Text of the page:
Minuscule chips for NMR spectroscopy promise portability, parallelization
A team of engineers at the Harvard School of Engineering and Applied Sciences (SEAS), Schlumberger-Doll Research Center in Cambridge, Mass., and the University of Texas, Austin, have created a truly portable device for nuclear magnetic resonance (NMR) spectroscopy.
NMR spectroscopy is a technique that perturbs protons within a molecule to glean important clues about its structure. It can identify unknown substances, detect very slight variations in chemical composition, and measure how molecules interact, making it an essential tool in organic chemistry, structural biology, and drug discovery, as well as for quality control in many industries.
Led by Donhee Ham, Gordon McKay Professor of Electrical Engineering and Applied Physics at Harvard SEAS, and his student Dongwan Ha, Ph.D. '14, the team has dramatically shrunk the electronic spectrometer components, fitting them on a silicon chip smaller than a sesame seed. Combined with a compact permanent magnet, this minuscule spectrometer represents the smallest device that can presently perform multidimensional NMR spectroscopy—a process Ham calls "one of the most powerful analytical tools to determine molecular structures at atomic resolution."
Significantly reducing both the size and cost of the device—while also preserving the broad functionality of much larger spectroscopy setups—now enables the development of portable NMR spectrometers that could travel to remote sites for online, on-demand applications or simply to laboratories where massive, state-of-the-art systems would be prohibitively expensive. The chips can also operate accurately over a wide temperature range.
A paper demonstrating the use of this silicon-based chip with a compact permanent magnet will be published online this week in Proceedings of the National Academy of Sciences (PNAS).
"State-of-the-art NMR systems use very large superconducting magnets, and they are indeed necessary for probing the structure of complex molecules like proteins," says Ham. "But in many circumstances—for example, many experiments in biochemistry or organic chemistry, quality control in production lines, or chemical reaction monitoring—you're doing NMR on smaller molecules, and for those applications the big superconducting magnets may be avoided."
Permanent magnets, which have been made much smaller in recent years, are weaker than superconducting magnets but still adequate to resolve small-to-medium size hydrocarbons, drug compounds, and biomolecules such as metabolites and amino acids. The advent of these smaller magnets motivated Ham's team to try to miniaturize the electronic components of the spectrometer. Those components include the transmitter and receiver for radio-frequency signals that orchestrate complex proton motions and monitor the telltale responses that reveal the quantum-mechanical details of molecular structure.
In comparison to superconducting magnets, however, permanent magnets are far less stable. With slight changes in temperature, the magnetic field fluctuates and drifts—a severe challenge that accompanies the system miniaturization. Ha, who is the main architect of the silicon spectrometer chip and lead author of the paper in PNAS, overcame the thermal problem with a distinctly modern tactic.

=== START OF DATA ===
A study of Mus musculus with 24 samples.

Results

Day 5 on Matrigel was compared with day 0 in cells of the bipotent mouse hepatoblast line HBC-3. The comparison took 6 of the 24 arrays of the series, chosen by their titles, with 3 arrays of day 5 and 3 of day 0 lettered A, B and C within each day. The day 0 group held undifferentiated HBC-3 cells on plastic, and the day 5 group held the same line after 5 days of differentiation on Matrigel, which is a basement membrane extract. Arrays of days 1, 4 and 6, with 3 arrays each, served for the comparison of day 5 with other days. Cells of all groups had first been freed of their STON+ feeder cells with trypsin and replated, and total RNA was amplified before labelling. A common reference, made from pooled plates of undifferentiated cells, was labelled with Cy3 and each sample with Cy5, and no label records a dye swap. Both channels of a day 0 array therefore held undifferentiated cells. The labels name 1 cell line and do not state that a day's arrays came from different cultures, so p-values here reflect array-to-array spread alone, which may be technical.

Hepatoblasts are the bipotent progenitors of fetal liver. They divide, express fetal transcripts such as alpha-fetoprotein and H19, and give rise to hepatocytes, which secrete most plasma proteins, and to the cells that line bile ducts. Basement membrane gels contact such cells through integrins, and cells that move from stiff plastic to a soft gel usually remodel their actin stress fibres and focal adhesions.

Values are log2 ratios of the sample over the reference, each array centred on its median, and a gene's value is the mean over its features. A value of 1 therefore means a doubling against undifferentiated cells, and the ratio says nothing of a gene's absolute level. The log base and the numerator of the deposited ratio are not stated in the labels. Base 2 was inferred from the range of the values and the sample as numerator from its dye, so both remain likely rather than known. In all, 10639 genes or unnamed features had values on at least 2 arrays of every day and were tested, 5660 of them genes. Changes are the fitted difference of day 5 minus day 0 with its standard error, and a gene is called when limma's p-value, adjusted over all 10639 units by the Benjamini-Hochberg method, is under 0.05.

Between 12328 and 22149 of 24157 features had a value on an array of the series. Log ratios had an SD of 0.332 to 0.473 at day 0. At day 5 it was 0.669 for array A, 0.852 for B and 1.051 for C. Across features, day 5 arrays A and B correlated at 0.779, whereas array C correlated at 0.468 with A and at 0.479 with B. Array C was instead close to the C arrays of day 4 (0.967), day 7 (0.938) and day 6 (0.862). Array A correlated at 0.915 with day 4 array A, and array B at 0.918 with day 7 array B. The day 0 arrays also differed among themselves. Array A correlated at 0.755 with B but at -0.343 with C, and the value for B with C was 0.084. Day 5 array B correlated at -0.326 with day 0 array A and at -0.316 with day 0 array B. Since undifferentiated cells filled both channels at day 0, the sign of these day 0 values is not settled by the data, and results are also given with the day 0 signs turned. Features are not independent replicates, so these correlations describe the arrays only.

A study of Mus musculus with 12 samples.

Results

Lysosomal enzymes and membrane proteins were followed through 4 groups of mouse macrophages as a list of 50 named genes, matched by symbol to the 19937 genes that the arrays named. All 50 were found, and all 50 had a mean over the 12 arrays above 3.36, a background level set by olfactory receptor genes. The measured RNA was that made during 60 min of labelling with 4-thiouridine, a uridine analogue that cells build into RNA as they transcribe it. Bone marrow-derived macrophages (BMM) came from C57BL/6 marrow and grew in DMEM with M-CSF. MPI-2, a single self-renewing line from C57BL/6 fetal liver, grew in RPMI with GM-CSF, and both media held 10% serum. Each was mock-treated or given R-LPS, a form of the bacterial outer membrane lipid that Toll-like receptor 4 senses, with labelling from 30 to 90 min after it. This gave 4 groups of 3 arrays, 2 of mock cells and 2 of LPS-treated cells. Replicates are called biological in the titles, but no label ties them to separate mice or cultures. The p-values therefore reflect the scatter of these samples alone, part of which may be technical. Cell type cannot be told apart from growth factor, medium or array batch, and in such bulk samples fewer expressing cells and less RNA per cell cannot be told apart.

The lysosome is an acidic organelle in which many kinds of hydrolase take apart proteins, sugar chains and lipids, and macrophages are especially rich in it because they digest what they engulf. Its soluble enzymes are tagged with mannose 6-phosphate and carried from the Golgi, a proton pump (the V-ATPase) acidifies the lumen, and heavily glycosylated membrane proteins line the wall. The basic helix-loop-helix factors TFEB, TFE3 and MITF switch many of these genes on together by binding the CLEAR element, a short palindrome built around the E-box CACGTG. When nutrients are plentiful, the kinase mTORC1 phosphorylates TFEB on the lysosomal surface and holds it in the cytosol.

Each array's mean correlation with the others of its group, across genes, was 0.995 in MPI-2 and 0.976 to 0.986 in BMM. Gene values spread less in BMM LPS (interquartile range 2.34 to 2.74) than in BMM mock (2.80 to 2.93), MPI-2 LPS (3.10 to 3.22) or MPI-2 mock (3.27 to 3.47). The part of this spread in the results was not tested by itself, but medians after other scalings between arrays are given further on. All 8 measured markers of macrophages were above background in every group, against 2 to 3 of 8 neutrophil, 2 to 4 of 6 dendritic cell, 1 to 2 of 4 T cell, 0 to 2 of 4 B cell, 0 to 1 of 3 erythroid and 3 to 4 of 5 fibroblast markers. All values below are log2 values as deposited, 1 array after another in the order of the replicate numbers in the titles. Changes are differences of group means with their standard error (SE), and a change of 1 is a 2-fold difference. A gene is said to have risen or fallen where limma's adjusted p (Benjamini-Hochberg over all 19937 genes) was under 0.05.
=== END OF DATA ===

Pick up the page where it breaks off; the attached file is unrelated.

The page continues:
"Not only did Dongwan design the chip, but he also came up with a way to use statistical distance minimization and entropy minimization to estimate the magnetic field drift and calibrate out its effect," explains Ham. "This signal-processing method obviates the need for physical thermal regulation for the permanent magnet, which would have added hardware and increased the power consumption. That would have defeated our aim of achieving portability."
While Ham and Ha demonstrated the tiny spectrometer chips for portable applications with the permanent magnet, they also see potential for a completely different application in conjunction with a larger superconducting magnet. The chips, they say, could one day be assembled into a massively parallel array in a superconducting magnet bore to tremendously accelerate analysis of complex molecules by performing many NMR spectroscopy experiments at once.
"An individual NMR spectroscopy experiment is inherently slow, taking several minutes to hours," says Ham. "Using a hundred of these cheap and small spectrometer chips in parallel within a superconducting magnet bore could counter the intrinsic slowness of NMR spectroscopy, enabling a high-throughput paradigm for pharmaceutical screening and structural biology. One year of testing could be completed in a few days. We have already started investigating this angle."
The research team has filed for a provisional patent on the miniature NMR spectrometer, and they are exploring avenues for commercialization with Harvard's Office of Technology Development (OTD).
"We see a strong opportunity to commercialize the IP that's emerged from this work," says Sam Liss, Director of Business Development in OTD. "The feedback has been very positive from pharmaceutical companies involved in drug discovery, as well as from companies poised to deliver next-generation instrumentation for spectroscopy applications."